Date: Sep 07, 2017

Playwrights Realm's new show examines the aftermath of a high school sexual assault


You don't expect a play dealing with rape to contain much humor. But little about The Rape of the Sabine Women, by Grace B. Matthias is conventional. Produced by Playwrights Realm, a theatre company devoted to early career dramatists, the show uses satire and dark comedy to tell the story of a teenage survivor of sexual assault. Its author, Michael Yates Crowley, was inspired to write the play while watching coverage of the notorious Steubenville, Ohio rape case in which two high school football players sexually assaulted an unconscious 16-year-old girl and shared recordings of the incident on social media.

"I remember feeling both shocked by what happened and how it was covered, and also, I went to a high school that had a big football team, so I knew these people," says Crowley. While he's a male playwright tackling a hot-button issue in an era when many feminists believe #AllMen are responsible for rape culture, he didn't let that deter him. "I think of it less as who is qualified to speak about rape and more as who is allowed to be silent," he says. "I want to live in a world in which it is not up to survivors of sexual assault to be the only voices talking about it."

Over the course of two hours, Crowley's gutsy play follows 15-year-old Grace (The Wolves' Susannah Perkins) as she copes with the aftermath of rape. As high school football heroes Jeff (Doug Harris) and Bobby (Alex Breaux) face indictment, Grace must contend with absentee parents, a lawyer who wants to play up her victimhood, a guidance counselor who doubts her, and a community that's irate about her tarnishing the beloved team's image.

For Crowley -- a Juilliard grad who developed the play during his tenure as a Playwrights Realm writing fellow -- comedy became a tool to make a difficult topic palatable. There are many absurdist moments, such as Grace interacting with anthropomorphized entities like 'The News' and Wikipedia, or when her guidance counselor cries, "Please don’t get emotional! I can’t handle when students get emotional." "The humor's a huge part of the play," Crowley says. "It's a way of inviting people in to talk about something, and trying to get around the fixed positions that people hold on a lot of these issues."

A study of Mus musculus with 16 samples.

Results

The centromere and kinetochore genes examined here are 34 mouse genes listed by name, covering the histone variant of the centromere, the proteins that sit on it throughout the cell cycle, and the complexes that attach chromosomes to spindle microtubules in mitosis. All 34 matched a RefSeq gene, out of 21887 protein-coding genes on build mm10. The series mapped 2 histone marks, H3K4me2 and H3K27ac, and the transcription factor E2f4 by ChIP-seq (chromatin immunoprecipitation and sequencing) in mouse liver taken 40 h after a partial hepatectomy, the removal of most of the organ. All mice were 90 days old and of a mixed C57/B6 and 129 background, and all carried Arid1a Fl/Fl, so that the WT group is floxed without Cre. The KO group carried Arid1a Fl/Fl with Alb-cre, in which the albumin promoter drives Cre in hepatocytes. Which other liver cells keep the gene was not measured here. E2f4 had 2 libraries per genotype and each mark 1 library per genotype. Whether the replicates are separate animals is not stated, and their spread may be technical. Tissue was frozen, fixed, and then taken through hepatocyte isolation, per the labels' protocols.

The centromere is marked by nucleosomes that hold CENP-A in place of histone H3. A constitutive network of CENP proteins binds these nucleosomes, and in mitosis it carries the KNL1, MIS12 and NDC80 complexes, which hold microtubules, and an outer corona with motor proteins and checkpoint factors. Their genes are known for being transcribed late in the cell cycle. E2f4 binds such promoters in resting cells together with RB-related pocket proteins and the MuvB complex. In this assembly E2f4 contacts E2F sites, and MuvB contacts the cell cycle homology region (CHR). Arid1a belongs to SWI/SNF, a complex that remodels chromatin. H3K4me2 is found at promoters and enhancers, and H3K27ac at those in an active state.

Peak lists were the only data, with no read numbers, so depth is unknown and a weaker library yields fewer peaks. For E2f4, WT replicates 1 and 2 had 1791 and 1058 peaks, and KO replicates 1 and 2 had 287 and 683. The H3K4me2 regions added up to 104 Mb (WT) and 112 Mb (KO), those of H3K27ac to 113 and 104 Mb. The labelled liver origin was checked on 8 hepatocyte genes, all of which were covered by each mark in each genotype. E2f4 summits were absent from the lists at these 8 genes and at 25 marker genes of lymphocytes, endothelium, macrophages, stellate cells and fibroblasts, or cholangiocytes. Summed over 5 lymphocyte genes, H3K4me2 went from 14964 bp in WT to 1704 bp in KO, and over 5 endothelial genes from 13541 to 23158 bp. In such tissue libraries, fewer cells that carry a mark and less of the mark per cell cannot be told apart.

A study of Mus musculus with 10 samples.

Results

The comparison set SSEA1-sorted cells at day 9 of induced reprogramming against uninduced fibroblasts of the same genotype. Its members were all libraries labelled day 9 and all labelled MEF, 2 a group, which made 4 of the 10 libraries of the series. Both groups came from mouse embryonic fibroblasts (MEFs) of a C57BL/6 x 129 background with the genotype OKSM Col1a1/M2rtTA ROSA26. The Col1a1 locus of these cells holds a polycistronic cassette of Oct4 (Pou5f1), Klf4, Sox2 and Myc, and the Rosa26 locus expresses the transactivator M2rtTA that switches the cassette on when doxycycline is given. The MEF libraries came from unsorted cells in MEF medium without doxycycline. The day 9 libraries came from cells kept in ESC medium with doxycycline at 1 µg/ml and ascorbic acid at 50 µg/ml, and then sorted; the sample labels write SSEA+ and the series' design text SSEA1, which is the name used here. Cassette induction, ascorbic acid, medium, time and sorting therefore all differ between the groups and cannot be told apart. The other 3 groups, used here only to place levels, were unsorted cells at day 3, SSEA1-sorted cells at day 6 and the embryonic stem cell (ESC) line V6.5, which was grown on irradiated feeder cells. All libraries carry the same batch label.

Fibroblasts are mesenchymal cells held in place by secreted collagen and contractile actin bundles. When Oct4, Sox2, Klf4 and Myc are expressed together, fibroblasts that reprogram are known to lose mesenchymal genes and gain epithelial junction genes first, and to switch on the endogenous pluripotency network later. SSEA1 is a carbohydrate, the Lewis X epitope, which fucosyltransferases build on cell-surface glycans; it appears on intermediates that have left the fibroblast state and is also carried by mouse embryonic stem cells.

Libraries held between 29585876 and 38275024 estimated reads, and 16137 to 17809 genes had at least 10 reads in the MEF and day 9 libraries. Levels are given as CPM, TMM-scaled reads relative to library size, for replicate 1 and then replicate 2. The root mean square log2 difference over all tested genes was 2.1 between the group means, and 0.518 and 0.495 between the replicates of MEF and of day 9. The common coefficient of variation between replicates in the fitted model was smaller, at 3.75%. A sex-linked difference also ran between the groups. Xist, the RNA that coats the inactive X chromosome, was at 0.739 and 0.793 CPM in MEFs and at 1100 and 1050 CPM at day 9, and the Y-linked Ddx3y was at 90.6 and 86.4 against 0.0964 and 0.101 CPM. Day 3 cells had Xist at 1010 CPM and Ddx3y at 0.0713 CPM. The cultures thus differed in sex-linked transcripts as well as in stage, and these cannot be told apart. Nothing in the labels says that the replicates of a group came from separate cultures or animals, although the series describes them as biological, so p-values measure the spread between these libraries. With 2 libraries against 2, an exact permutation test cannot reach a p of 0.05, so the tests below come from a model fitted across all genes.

Jeff and Bobby, for example, aren't simply bad guys; they're teenagers dealing with the pressures of growing up. "I think that's hugely important," adds director Tyne Rafaeli. "These events are not perpetrated by villains in our midst. It's people we recognize in our lives that -- under a certain set of circumstances -- could end up doing something terrible. That's what this play absolutely cracks open. How can we create a culture in which that doesn't happen?"


An American who was raised in England, Rafaeli believes the high school sports scene in this country contributes to rape culture. "The sense of entitlement and hierarchy that comes inside of a sports culture, and how that manifests for young people in high school is, I feel, a uniquely American experience," she says. Rafaeli views the football players' status as royalty as impacting the way Jeff (who seems genuinely fond of Grace) and Bobby (who calls her a pig) behave off the field. "To be a good [football player], you need a certain amount of aggression and confidence and a sense of infallibility," she says. "You are going out there and getting what you deserve -- which is victory -- and if you put that psychology in other contexts it gets very, very scary."

As the title of the play implies, the work also frames rape in a historical context, drawing parallels between today's scholastic football heroes and ancient Roman soldiers. After studying the famous painting "The Intervention of the Sabine Women" in class, Grace becomes fascinated with their tale of being kidnapped and forced into marriage by the Romans. One particularly moving scene has Grace asking Hersilia, who's prominently featured in the painting, what her life was like after she married her abductor, Romulus.

While Sabine Women doesn't offer easy solutions for dismantling rape culture, it is not without hope. "One thing that I'm slightly optimistic about is that the level of noise around this issue seems to have risen lately," Crowley says. "I think that can only be a good thing."

Rafaeli agrees. "To try and unpack systems of oppression you have to really look back to where these foundational value systems were created, and I find that extraordinary in this piece," she says. "I think there's optimism in recognizing where the root of the problem is."


TDF MEMBERS: TDF MEMBERS: At press time, discount tickets were available for The Rape of the Sabine Women, by Grace B. Matthias. Go here to browse our current offers.

Follow Diane Snyder at @DianeLSnyder. Follow TDF at @TDFNYC.

Top image: Susannah Perkins and Doug Harris. Photos by Daniel J. Vasquez.